CROUCH, DOUGLASS ANTHONY

Jessica Hoover
Douglass Anthony Crouch (1922–1995).
Attorney Douglass Anthony Crouch represented Denton County in the House of the Fifty-second and Fifty-third Texas legislatures. Courtesy Legislative Reference Library of Texas and included in accordance with Title 17 U.S.C. Section 107.

CROUCH, DOUGLASS ANTHONY (1922–1995). Douglass Anthony Crouch, two-term state legislator and Tarrant County district attorney, son of William and Martha Crouch, was born on December 9, 1922, in Florence, Alabama. The seventh of nine children, young Crouch moved with his family from Alabama to Texas in the early 1930s. He graduated from Denton High School in 1941, although he missed his own graduation ceremony due to being called up for service in World War II. Crouch spent more than four years in the United States Army. 

After the war he returned to Denton and in 1948 received his bachelor’s degree in government from North Texas State College, now the University of North Texas. At North Texas State, Crouch was a member of the Quintillian Club, the College Players, and served as vice-president of the Pre-Law Club. He was keen on politics as a vocation at an early age. He announced his Democratic candidacy for Denton County’s state representative seat in June 1948, less than a month after graduating college. He was defeated in a primary run-off by the incumbent, Robert Hal Jackson (3,231 to 2,646). Douglass Crouch married Beula Beatrice Harbert of Denton on December 11, 1948, and completed his law degree at Southern Methodist University in 1950. Crouch again ran for the Denton County state representative seat in 1950, this time handily defeating his opponent, W.K. Baldridge, 3,959 to 2,617. Crouch ran for a second term unopposed in 1952. 

In his first term, in the Fifty-second Texas Legislature, Crouch served on the Agriculture, Education, Highways and Roads, and Penitentiaries committees and as vice-chair of the State Hospitals and Special Schools Committee. He was a vociferous supporter of higher education. He not only opposed the House Appropriation Committee’s suggested cuts in college spending during the Fifty-second legislative session, but he responded by pursuing increased funding for Texas State College for Women (now Texas Woman’s University). His attempt failed by only two votes. During this legislative skirmish, Crouch was quoted as saying, “We must remember that wars cost money, and education is nothing more nor less than a war against ignorance.”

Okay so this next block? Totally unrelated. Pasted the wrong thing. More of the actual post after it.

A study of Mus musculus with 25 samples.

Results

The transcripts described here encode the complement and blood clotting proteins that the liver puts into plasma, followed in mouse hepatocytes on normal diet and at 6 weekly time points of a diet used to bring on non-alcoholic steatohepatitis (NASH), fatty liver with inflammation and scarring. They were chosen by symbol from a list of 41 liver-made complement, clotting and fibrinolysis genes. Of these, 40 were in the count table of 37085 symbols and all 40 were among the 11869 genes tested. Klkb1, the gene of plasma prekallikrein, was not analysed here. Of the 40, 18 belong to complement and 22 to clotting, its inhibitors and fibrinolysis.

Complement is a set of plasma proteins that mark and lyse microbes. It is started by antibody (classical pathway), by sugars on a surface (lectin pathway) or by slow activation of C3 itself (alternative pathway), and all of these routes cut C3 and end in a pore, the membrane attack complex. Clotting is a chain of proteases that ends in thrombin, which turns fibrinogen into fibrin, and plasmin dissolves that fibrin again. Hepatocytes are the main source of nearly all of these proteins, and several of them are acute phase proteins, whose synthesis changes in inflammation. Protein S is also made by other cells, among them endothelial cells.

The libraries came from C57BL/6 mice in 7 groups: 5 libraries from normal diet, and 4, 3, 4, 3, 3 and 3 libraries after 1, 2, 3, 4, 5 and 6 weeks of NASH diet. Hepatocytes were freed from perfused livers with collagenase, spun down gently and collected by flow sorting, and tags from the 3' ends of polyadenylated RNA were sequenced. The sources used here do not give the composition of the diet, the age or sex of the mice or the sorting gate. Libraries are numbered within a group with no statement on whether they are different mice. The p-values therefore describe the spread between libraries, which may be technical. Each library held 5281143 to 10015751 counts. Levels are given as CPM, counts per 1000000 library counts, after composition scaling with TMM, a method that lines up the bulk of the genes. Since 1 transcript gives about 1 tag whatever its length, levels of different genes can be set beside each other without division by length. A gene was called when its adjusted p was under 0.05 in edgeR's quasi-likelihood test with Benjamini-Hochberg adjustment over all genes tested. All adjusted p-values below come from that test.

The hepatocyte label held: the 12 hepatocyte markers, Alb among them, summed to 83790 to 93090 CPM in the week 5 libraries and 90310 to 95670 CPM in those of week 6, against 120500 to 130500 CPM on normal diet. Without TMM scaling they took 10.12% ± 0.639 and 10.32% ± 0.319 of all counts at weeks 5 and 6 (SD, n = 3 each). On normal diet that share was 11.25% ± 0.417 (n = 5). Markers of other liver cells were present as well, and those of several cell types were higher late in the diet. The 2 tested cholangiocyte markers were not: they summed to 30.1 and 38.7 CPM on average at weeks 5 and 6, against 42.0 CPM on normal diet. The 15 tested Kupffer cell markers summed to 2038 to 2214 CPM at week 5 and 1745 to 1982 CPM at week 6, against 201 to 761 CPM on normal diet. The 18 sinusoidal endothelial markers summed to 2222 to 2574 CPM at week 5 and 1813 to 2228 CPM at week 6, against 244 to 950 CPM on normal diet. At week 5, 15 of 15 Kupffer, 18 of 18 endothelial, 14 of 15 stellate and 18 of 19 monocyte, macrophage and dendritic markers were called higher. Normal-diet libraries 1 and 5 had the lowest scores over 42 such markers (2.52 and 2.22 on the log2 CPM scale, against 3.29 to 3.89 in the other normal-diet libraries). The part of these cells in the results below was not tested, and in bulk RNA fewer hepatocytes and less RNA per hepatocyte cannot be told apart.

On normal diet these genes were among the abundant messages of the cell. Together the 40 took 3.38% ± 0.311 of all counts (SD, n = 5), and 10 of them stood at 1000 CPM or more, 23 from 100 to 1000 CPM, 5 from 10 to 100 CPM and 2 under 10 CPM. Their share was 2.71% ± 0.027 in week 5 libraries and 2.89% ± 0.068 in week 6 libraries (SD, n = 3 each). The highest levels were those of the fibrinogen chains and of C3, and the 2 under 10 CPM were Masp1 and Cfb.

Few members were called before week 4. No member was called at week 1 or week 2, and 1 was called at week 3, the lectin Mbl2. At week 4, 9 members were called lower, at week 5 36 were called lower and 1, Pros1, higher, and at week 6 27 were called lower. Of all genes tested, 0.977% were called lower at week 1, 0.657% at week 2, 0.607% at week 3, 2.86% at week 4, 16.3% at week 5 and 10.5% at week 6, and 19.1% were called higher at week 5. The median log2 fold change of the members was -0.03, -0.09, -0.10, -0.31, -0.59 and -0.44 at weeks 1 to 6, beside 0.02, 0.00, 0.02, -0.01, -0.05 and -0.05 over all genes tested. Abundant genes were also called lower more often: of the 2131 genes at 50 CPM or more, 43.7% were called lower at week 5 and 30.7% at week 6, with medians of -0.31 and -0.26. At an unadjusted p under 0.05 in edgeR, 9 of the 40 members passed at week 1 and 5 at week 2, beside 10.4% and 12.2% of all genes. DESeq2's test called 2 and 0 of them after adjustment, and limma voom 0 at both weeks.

During his second term, Crouch again served on the State Hospitals and Special Schools Committee in addition to the Conservation and Reclamation, Counties, Labor, and Public Printing committees. He was a liberal Democratic presence in the legislature and proposed the abolition of the death penalty via H. B. No. 40. Additionally, Crouch was one of only four members of the House to vote against S. B. 4, which outlawed the Communist party in the state of Texas and made membership or support of the Communist party a felony with punishments of up to twenty years in prison and/or fines up to $20,000. In documenting his reason for voting nay, Crouch described the bill as, “a long step toward a police state.”

After his two terms in the Texas legislature, Crouch ran for attorney general in 1954 and lost in a Democratic party primary run-off to incumbent John Ben Sheppard by an overwhelming margin (962,456 to 237,047). That year he and his wife moved from Denton to Fort Worth and had their first child, daughter Carolyn, on August 31, 1954. Their second child, son Paul, was born on June 14, 1957. A third son, David, was born in 1969. Crouch had a private law practice until he was elected Tarrant County district attorney in 1958. He served in this position from 1959 to 1966.

Crouch’s time as district attorney was controversial. He hired Ollice Maloy, the first African American assistant district attorney for Tarrant County, as well as the first two African American women to work in the DA’s office, Dearleace Johnson and Marie Whigfall. He also pushed for the removal of “Whites Only” signs throughout the courthouse during his tenure. Crouch experienced the most criticism of his public career over his involvement with the Robert Maclin case. Maclin, a former attorney, was charged with shooting one of Crouch’s investigators who was standing on guard outside the Crouch home on the evening of January 7, 1965. The Fort Worth Star-Telegram questioned Crouch’s handling of a case that he was personally involved in and called for his resignation. Crouch refused to resign, but he did not seek re-election at the end of his term in 1965.

Crouch returned to private practice until he was appointed interim district attorney for Tarrant County by Governor Preston Smith in 1971, after the resignation of district attorney Frank D. Coffey. Crouch ran for the position in 1972 but lost to Tim Curry. He again returned to private practice until his retirement. He died of natural causes on July 4, 1995, at the age of seventy-two at his home in Granbury, Texas.  

BIBLIOGRAPHY: 

Dallas Morning News, January 2, 1959; July 7, 1995. Denton Record-Chronicle, June 20, 1948; August 31, 1948; July 25, 1950; March 18, 1951; January 10, 1965. Legislative Reference Library or Texas: Doug Crouch (http://www.lrl.state.tx.us/legeleaders/members/memberdisplay.cfm?memberID=1207), accessed July 18, 2018.


Uploaded on July 24, 2018. Published by the Texas State Historical Association.